Summer eating is a big responsibility, men. Between vacations, ball games
and road trips, there’s a lot of opportunity to indulge in processed
foods that are high in calories, fat and salt. You know all those hot
dogs and chips aren’t good for you. How does a guy avoid packing
on the pounds and make better decisions when faced with all the summer
snack choices under the sun?
Consider these satisfying and tasty suggestions for summertime eats that
keep an eye out for men’s health.
Ceviche. A Mexican seafood appetizer, ceviche works great as a main dish or as
a side salad. The variations are endless, but the centerpiece is fresh,
raw seafood cooked by an acidic marinade, usually lemon or lime juice.
Your eyebrows might rise at the notion of eating fish not cooked with
traditional heat, but ceviche is full of antioxidants and essential nutrients
that may lower the risk of an enlarged prostate. The peppers and tomato
in ceviche will give you boosts of vitamin C. If your ceviche has oysters
and crab, you’ll also be getting some zinc, a mineral also thought
to be good for prostate health.
Gazpacho. Lycopene, a natural pigment that gives tomatoes their bright red color,
is a powerful antioxidant. Men who eat tomatoes and tomato products often
have reduced risk of prostate cancer, compared to men who rarely eat them.
Lycopene in your diet may also reduce the risk of heart attack. One cool
way to enjoy tomatoes on a warm summer evening is gazpacho, a chilled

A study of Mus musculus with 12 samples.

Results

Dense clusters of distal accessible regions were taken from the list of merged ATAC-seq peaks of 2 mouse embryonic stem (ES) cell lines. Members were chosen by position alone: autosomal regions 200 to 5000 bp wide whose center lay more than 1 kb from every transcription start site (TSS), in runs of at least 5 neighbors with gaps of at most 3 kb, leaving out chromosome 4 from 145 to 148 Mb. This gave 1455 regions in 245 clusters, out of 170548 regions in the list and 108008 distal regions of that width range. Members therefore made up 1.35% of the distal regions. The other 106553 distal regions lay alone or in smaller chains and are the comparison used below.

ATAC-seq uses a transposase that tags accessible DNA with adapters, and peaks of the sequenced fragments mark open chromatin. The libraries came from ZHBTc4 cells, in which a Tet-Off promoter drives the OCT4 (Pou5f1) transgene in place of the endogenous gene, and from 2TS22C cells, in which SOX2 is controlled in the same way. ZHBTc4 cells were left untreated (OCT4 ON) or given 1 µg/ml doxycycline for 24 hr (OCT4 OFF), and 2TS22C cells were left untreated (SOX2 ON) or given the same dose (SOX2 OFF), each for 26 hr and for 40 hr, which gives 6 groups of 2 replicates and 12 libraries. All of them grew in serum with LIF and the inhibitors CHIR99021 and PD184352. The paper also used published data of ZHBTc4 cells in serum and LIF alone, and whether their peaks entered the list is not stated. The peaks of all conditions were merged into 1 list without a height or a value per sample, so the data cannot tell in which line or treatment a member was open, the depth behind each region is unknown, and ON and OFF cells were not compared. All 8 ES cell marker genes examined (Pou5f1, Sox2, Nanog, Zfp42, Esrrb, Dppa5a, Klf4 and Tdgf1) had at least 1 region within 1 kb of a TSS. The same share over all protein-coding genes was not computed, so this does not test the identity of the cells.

vegetable soup with origins in Spain. It’s made from a base of pureed
tomatoes, onion, bell pepper, cucumber, and lemon juice.
Barbecue. Steak can be a healthy barbecue option—the leaner the cut, the better.
Lean grilled beef with the traditional backyard side of baked beans provides
a powerhouse serving of protein and zinc, and zinc is associated with
a healthier prostate. For another kind of steak, throw a slab of tuna
on the grill. A meaty tuna steak grills well and is low in calories. The
omega-3 fatty acids in tuna and other kinds of fish have long been thought
to lower the risk of heart disease, stroke, cancer, cognitive decline,
and eye disease.
Watermelon. This all-American picnic staple turns out to be one of the handful of
foods, along with tomatoes, grapefruit, and guava, that are high in lycopene.
The lycopene in watermelon helps keep your cells healthy and may reduce
the risk of prostate cancer. It’s best to store your melons at room
temperature. They’ll have more lycopene and beta-carotene than melons
in the fridge.
Trail mix. Pre-packaged trail mixes can be heavy on yogurt chips or chocolate--they’re
mostly processed sugar. Dried fruit is better, but on its own the sugar
and calories can quickly skyrocket. The best way to get a healthier trail
mix is to make your own. For long-lasting energy and healthy fats, choose
protein-packed peanuts, almonds, and walnuts -- unsalted or lightly salted.
Toss in a few handfuls of dried blueberries or cranberries. They’re
high in fiber and have antioxidants that protect you from cardiovascular
disease and colon cancer.
This information is not intended as a substitute for professional medical
care. Always follow your healthcare professional's instructions.